Julius Caesar minimized

Two tribunes, elected by the plebeians (the common people) to serve the plebeians, are upset with some of those they serve, asking one “why dost thou lead these men about the streets?”  The plebeian responds “we rejoice in Caesar’s triumph.” We learn that “Caesar’s triumph” is the fact that he has killed two of his potential adversaries. The time is 32 B.C. The place is Rome.

1. Caesar enters Rome. A soothsayer warns him to “beware the ides of March.” Caesar ignores him.  Two Roman statesmen, Cassius and Brutus, are in the crowd. Cassius thinks Caesar is overrated, having known Caesar since they were youths.  Brutus is aware that the Roman Senate has plans to crown Caesar king, and he’s worried.  Cassius forms a group of Conspirators, Casca and Cinna the first to join.  They plan to meet with Brutus that night.

2. The Conspirators meet with Brutus in his home. He joins their cause. Decius lets the others know that in the morning “I will bring him to the Capitol,” referring to Caesar. Rome is enduring a terrible storm; Caesar and his wife up most of the night.  She thinks the storm is a bad omen, suggesting he stay home. Decius, a good salesman, convinces Caesar that he should attend the Senate that morning.  Caesar knows he may be crowned king.  He decides to go.  The day is the ides of March.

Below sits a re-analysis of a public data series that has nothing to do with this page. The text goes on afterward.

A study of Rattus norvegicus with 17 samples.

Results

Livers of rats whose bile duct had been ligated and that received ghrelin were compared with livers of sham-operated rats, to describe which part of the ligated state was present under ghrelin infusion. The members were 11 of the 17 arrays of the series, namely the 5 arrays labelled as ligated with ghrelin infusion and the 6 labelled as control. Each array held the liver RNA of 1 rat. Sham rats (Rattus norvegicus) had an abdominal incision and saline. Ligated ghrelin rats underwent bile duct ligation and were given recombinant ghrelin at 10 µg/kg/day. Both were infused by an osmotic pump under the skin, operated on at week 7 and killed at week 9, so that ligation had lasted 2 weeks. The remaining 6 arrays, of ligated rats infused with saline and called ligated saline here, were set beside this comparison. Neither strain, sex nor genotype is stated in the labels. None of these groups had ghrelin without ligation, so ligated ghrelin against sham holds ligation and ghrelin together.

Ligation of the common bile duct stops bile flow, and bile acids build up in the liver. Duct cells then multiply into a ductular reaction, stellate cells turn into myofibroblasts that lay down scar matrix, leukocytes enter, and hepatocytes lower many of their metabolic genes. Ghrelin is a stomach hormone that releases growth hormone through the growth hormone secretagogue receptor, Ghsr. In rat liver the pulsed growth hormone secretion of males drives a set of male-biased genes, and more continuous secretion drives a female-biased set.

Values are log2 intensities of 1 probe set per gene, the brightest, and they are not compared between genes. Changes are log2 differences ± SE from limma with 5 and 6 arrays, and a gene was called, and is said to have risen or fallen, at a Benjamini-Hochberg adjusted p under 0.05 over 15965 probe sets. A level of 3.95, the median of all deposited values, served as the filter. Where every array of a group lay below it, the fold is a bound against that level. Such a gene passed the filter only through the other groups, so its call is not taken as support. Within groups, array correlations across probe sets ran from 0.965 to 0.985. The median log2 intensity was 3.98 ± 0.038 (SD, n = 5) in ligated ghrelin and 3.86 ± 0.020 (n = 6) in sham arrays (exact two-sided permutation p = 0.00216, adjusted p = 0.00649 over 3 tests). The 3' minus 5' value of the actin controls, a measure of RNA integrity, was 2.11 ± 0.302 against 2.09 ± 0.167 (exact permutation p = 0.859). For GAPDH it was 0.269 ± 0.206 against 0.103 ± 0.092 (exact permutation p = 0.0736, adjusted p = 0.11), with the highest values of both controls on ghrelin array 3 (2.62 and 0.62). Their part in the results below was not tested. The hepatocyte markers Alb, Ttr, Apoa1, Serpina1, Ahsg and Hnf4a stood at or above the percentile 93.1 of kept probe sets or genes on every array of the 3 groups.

3. Cassius, Brutus and Casca draw in close to Caesar on the steps of the Senate.  Casca stabs him. When Brutus stabs him, Caesar famously says “Et to Brute? Then fall Caesar.” He dies. All but the Conspirators flee. Antony, Caesar’s principal aide, returns asking to speak at the service for Caesar.  Brutus agrees. Cassius is the more suspect. Brutus speaks at Caesar’s service and leaves. Mark Antony, in one of history’s most famous speeches, charms the crowd, most of the plebeians turning on the Conspirators. Octavius Caesar and Lepidus wait for Antony at Caesar’s home.  The three of them become the triumvirate, the rulers of Rome.

4. Cassius and Brutus have formed an army and find themselves camped at Sardis. They both are stressed and tense.  Portia, Brutus’ wife, has just died, “with grief that young Octavius and Mark Antony have made themselves so strong.” They bury the hatchet over “a bowl of wine.” They decide to attack Antony and his forces on the Plains of Philippi.

5. At Philippi, Cassius takes his own life, having been told mistakenly that Antony is about to overrun his position.  Losing his second battle with Octavius Caesar, Brutus takes his own life. Mark Antony enters and says Brutus was “the noblest Roman of them all” and that “This was a man.”